Profusion of life at Partridge Point

Dive sites: Partridge Point

The first boat dive I ever did, and my first dive after my Open Water course, was to Partridge Point, where we cruised around Seal Rock and enjoyed the antics of the local inhabitants. It was on that dive that I met Fritz (“Borrels”) and Justin the Silver Fox, who was Divemastering. Here’s a picture Fritz took of me that time, with a chubby seal above my head. Look ma, no gloves! And did I mention how irritating snorkels can be?

My fifth dive, at Seal Rock near Partridge Point
My fifth dive, at Seal Rock near Partridge Point

I’ve dived the site twice since, the most recent time being on 6 February. We’ve had a couple of months of totally awful visibility in False Bay, but a little bit of north westerly wind and some big swells cleaned out the bay in record time and we were able to have a beautiful weekend’s diving. This time, when Tony told Cecil we’d be going to Partridge Point and that we’d probably see seals, Cecil said matter of factly, “Sharks eat seals.” Fortunately the great whites prefer to hang about near Seal Island in the middle of False Bay!

Profusion of life at Partridge Point
Profusion of life at Partridge Point

The Partridge Point reef system is extensive, and new areas are constantly being mapped. The most recent addition to the site (it was always there, but has only recently been discovered!) is Peter’s Pinnacles, named after Peter Southwood of wikitravel fame.

Sand strip at Partridge Point
Sand strip at Partridge Point

Grant dropped us on a pinnacle that rises to within 12 metres of the surface, and we descended on the shot line. The site is made up of an extensive scattering of granite boulders and rocky outcrops, separated with sandy strips that look very much like staircases or runways. Dropping down close to the sand at one point to photograph a four-legged starfish, I was delighted to discover that the area I was hovering above was covered with tiny striped brittle stars.

Stripy brittle stars on the sand at Partridge Point
Stripy brittle stars on the sand at Partridge Point

The site is incredibly diverse and teeming with brilliantly coloured life, including large numbers of sea cucumbers (surprise!) and sea urchins. Giant gorgonian sea fans inhabited by sponge crabs (resembling nothing so much as coconut-dipped vetkoek) wave gently in the surge, in orange, red and every shade in between.

Sponge crab on a gorgonian sea fan
Sponge crab on a gorgonian sea fan
Sponge crab seen from underneath
Sponge crab seen from underneath

And it is nudibranch paradise. I took a personal census of every single nudibranch on the part of the site we traversed – mainly gas flames and black nudibranchs – and felt it my duty to photograph every single specimen. I never, ever get tired of these creatures. They are so extravagantly beautiful!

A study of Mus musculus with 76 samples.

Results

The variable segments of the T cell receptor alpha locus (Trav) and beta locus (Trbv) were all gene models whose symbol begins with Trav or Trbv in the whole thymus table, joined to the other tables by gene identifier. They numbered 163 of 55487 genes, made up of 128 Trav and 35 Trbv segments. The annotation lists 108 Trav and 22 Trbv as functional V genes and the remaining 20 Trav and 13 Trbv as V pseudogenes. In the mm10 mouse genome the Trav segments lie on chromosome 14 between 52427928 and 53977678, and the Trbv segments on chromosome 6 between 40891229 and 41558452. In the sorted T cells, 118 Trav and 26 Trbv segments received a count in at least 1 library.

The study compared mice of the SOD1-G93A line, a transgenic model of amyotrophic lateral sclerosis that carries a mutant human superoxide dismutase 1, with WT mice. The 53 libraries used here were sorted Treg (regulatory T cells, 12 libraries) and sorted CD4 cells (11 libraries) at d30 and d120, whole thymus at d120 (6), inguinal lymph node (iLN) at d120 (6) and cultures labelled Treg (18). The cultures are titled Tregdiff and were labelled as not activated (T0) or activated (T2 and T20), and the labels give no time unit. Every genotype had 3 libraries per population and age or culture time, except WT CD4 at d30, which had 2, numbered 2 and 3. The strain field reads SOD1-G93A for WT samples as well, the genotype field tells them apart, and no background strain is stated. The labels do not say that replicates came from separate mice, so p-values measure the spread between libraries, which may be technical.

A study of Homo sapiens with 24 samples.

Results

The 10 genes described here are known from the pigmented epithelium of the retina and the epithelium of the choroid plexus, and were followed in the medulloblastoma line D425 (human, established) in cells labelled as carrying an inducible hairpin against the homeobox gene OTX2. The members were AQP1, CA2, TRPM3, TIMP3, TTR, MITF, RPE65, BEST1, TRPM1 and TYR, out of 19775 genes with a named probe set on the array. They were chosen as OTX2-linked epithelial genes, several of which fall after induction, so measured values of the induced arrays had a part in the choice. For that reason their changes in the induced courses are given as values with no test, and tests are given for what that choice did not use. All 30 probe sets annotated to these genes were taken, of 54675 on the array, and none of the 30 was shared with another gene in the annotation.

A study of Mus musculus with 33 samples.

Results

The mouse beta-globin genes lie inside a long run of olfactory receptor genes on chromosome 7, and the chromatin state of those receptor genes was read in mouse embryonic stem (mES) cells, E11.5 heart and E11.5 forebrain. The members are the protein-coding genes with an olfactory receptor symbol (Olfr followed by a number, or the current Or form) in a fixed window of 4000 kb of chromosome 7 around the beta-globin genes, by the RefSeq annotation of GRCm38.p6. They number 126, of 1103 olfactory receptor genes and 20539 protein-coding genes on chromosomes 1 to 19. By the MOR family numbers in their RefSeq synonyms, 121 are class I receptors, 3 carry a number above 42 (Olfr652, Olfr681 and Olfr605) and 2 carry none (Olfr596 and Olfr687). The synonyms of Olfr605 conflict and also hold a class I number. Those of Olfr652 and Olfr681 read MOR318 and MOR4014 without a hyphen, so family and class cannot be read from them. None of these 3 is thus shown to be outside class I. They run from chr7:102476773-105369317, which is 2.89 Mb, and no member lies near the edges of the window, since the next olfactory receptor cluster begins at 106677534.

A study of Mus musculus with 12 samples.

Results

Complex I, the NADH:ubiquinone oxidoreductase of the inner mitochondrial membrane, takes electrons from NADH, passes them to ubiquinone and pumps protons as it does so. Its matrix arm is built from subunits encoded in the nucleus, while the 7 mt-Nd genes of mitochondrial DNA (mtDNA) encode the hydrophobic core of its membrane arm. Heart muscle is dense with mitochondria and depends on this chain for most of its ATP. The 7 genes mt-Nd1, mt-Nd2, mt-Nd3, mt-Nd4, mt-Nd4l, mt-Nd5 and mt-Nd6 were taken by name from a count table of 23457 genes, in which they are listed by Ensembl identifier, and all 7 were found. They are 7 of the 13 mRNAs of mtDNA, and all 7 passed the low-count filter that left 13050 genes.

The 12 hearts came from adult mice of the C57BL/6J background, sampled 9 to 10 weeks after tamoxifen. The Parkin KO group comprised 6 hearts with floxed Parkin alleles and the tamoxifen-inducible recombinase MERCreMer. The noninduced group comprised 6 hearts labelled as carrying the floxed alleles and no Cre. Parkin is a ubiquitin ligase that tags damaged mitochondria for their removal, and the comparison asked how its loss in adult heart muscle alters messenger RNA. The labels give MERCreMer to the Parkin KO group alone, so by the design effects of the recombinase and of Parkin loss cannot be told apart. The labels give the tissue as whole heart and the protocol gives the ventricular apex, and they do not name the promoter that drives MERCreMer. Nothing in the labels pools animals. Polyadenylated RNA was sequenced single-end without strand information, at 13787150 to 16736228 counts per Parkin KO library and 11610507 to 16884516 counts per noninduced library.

Gas flame nudibranch at Partridge Point
Gas flame nudibranch at Partridge Point
Black nudibranch at Partridge Point
Black nudibranch at Partridge Point

There are also sea anemones in bright, bright red and orange, gregarious white ones with curly tentacles, and elegant feather stars in abundance.

Elegant feather stars
Elegant feather stars

We saw a number of very frisky dark and puffadder shysharks, zipping around with a sense of purpose we never see in their relatives at Long Beach. We usually see them on the sand at Long Beach, and I was surprised, seeing one lying on a rock, at how well camouflaged he was.

Seal at Partridge Point
Seal at Partridge Point

We weren’t particulary close to Seal Rock, but we were visited by three or four friendly seals who probably heard us from a mile away and came to investigate. They swam around us, checked us out thoroughly – I must say looking a seal in the eye at 20 metres as he circles me like a puppy is enough to put me in a good mood for a week – and returned once or twice for a further look. They are so graceful in the water, and have such large, soulful eyes and cute little ears sticking out at 90 degrees from their heads, that I just want to cuddle them. But I’ve seen their teeth, and know that this is a bad idea!

Top of a pinnacle at Partridge Point
Top of a pinnacle at Partridge Point

Towards the top of some of the pinnacles is the red bait zone, with sea squirts of prodigious size surrounded by feeding hottentot. While we were doing our slow ascent we looked up into the sunlit, shallow water above the rock closest to us, to see a cloud of fish swimming slowly around the top of the pinnacle.

Dive date: 6 February 2011

Air temperature: 26 degrees

Water temperature: 8 degrees

Maximum depth: 21.9 metres

Visibility: 10 metres

Dive duration: 38 minutes

The Partridge Point site is inside the Castle Rocks restricted zone in the Table Mountain National Park Marine Protected Area (MPA), and for many years no fishing has been allowed there. I like to think that the sheer profusion of life we observed is a result of this – MPAs can work, if they’re administered properly and the permit money we pay as scuba divers is put to good use enforcing conservation policies, instead of buying BMWs for government stooges.


Lapsed mathematician, creator of order, formulator of hypotheses. Lover of the ocean, being outdoors, the bush, reading, photography, travelling (especially in Africa) and road trips.